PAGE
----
In this episode, Laine and Cory discuss how sweet Anya is, the fashion of the late 90s, Angel’s lurking, and of course Buffy and Spike.
On a more serious note, while we discuss a fictionalized version of the Chumash, I think it’s important to remember that the Chumash people are a real tribe that you can learn more about here.
Thanks for listening to our discussion of Season 4, Episode 8: Pangs.
One thought on “Episode 71: Pangs”
This episode is really a difficult one, as you both said, because on the one hand it’s hilarious, and has so many quotable moments, and on the other hand it’s kind of infuriating. And I think what you brought up from the Métis in Space podcast episode (will have to give that a listen) really gets at why the infuriating part IS infuriating. Because the premise is so flawed that the arguments presented in the episode, from Willow’s guilt and lecturing about language to Spike’s (and Giles’) much more seemingly matter-of-fact takes, are actually ridiculous. Because no tribe is trying to enact vengeance like the spirit in this episode, and it makes it look like the only choices for non-indigenous people are either performing white guilt or just not giving a f*ck. And in the episode, not giving a f*ck actually seems to win out as the more sane reaction. Which is kind of terrible, because it makes it seem like there aren’t indigenous people who are very much living now and who deserve to be heard. I like that you compared it to the trolley problem because it’s much more of a thought experiment than a feasible situation, but the fact that they used real groups of people, where real actions CAN be taken, to do that makes the whole thing kind of meaningless. It also bugs me that instead of leaving it as this kind of difficult, unsolvable question, the show actually DOES seem the be saying that basically Spike is the closest to “right,” when his response is basically saying “well, bad things happen, genocides, whatever, I don’t care” (which is in-character for Spike at this point, but is also very blatantly disregarding human life). He’s right to call out Willow’s hand-wringing but again BOTH arguments are bad because the premise is bad. But it still feels like the show is trying to say something that they want the audience to listen to and that makes it worse, for me. It feels kind of smug, and didactic, like it’s taking a swing at PC culture but only offering an alternative of just not caring.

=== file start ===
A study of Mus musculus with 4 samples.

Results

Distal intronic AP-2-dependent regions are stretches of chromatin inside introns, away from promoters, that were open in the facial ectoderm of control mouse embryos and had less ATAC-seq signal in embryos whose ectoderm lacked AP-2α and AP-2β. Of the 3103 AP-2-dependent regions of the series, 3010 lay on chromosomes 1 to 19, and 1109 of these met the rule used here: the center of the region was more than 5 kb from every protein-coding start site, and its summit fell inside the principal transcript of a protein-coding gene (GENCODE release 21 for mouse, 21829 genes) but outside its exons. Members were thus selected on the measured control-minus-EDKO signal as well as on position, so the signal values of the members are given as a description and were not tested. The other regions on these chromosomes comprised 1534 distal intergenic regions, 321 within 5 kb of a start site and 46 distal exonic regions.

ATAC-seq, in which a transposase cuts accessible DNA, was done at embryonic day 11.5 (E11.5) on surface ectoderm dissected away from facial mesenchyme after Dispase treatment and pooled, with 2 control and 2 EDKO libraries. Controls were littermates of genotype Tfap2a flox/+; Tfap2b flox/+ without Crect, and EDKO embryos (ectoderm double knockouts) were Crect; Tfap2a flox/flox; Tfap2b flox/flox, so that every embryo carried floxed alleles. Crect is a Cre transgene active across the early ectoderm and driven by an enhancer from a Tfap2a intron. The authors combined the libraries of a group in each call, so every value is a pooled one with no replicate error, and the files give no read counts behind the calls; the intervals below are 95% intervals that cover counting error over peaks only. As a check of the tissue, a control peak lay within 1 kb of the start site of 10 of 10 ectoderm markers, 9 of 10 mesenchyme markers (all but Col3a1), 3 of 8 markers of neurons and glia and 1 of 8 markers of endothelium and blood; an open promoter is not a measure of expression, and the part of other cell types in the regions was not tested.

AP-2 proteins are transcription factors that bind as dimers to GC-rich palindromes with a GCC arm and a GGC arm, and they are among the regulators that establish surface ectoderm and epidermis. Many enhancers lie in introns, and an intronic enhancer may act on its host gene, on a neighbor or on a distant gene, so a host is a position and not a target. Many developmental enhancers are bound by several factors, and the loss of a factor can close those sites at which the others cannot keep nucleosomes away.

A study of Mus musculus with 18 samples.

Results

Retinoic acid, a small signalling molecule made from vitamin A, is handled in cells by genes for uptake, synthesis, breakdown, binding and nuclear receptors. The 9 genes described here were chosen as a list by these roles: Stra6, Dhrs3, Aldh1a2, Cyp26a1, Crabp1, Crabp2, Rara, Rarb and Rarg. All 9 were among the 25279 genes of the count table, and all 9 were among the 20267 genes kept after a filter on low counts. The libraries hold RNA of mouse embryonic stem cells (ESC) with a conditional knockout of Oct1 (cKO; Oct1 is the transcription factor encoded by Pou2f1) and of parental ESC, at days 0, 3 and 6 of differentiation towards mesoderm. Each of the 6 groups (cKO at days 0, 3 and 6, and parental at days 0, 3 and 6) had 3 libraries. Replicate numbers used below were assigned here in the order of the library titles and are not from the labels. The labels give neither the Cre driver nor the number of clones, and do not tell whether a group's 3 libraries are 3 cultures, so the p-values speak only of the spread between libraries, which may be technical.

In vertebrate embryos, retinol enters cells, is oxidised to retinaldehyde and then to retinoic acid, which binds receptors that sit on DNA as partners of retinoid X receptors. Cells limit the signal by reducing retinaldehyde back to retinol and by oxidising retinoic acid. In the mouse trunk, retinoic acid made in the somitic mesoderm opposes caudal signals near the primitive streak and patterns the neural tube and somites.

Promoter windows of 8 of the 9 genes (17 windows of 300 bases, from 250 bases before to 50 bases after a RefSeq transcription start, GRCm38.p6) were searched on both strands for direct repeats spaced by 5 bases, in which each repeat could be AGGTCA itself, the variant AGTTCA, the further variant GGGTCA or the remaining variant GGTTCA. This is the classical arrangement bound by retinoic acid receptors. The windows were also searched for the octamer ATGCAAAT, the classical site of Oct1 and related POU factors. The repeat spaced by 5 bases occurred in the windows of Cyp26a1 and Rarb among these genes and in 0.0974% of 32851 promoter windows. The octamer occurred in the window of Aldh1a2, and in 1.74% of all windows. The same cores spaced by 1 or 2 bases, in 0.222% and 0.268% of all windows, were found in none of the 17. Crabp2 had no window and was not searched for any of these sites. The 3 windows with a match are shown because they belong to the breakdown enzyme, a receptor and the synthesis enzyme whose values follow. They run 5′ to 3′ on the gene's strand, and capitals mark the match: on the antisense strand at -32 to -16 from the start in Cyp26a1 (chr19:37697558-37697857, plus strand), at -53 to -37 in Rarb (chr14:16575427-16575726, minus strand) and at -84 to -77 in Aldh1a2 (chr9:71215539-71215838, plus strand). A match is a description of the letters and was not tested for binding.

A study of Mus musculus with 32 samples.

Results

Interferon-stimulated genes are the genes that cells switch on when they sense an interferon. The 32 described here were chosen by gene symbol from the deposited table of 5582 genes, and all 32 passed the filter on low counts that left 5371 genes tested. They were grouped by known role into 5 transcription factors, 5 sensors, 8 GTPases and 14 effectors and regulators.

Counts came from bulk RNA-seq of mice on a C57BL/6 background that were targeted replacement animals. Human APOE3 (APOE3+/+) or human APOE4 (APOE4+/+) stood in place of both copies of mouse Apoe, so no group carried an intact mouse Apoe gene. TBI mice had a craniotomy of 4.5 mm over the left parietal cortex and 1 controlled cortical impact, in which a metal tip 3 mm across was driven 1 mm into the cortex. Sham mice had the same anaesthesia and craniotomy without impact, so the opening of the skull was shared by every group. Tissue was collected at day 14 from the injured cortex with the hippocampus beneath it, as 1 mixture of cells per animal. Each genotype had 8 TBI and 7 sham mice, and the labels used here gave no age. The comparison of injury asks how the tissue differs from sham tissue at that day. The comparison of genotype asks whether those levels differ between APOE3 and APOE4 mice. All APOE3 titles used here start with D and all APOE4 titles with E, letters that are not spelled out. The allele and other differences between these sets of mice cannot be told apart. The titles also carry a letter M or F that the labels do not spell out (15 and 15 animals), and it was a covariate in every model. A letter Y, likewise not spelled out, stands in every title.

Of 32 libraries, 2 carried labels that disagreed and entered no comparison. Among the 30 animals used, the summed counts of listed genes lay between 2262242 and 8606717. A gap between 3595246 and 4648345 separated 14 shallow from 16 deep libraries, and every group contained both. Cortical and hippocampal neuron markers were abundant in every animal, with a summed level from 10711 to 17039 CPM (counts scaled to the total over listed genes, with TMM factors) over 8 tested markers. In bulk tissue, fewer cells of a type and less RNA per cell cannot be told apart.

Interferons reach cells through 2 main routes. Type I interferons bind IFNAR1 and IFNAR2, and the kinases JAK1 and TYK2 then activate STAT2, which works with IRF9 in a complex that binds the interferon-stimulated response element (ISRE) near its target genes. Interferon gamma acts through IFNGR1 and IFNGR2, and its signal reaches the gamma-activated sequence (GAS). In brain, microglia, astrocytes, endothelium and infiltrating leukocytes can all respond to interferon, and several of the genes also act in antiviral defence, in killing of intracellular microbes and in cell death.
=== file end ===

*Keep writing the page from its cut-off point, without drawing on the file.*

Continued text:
I say all that and I still think this episode is hilarious! All the lines you quoted are laugh-out-loud lines for me. The last shot, where everyone stares at Buffy (I didn’t even realize it was a reverse Norman Rockwell shot, that’s awesome) and Spike gets this smirk on his face? That’s such a great shot! So I’ll end up rewatching it and switch between angrily muttering to myself and cracking up.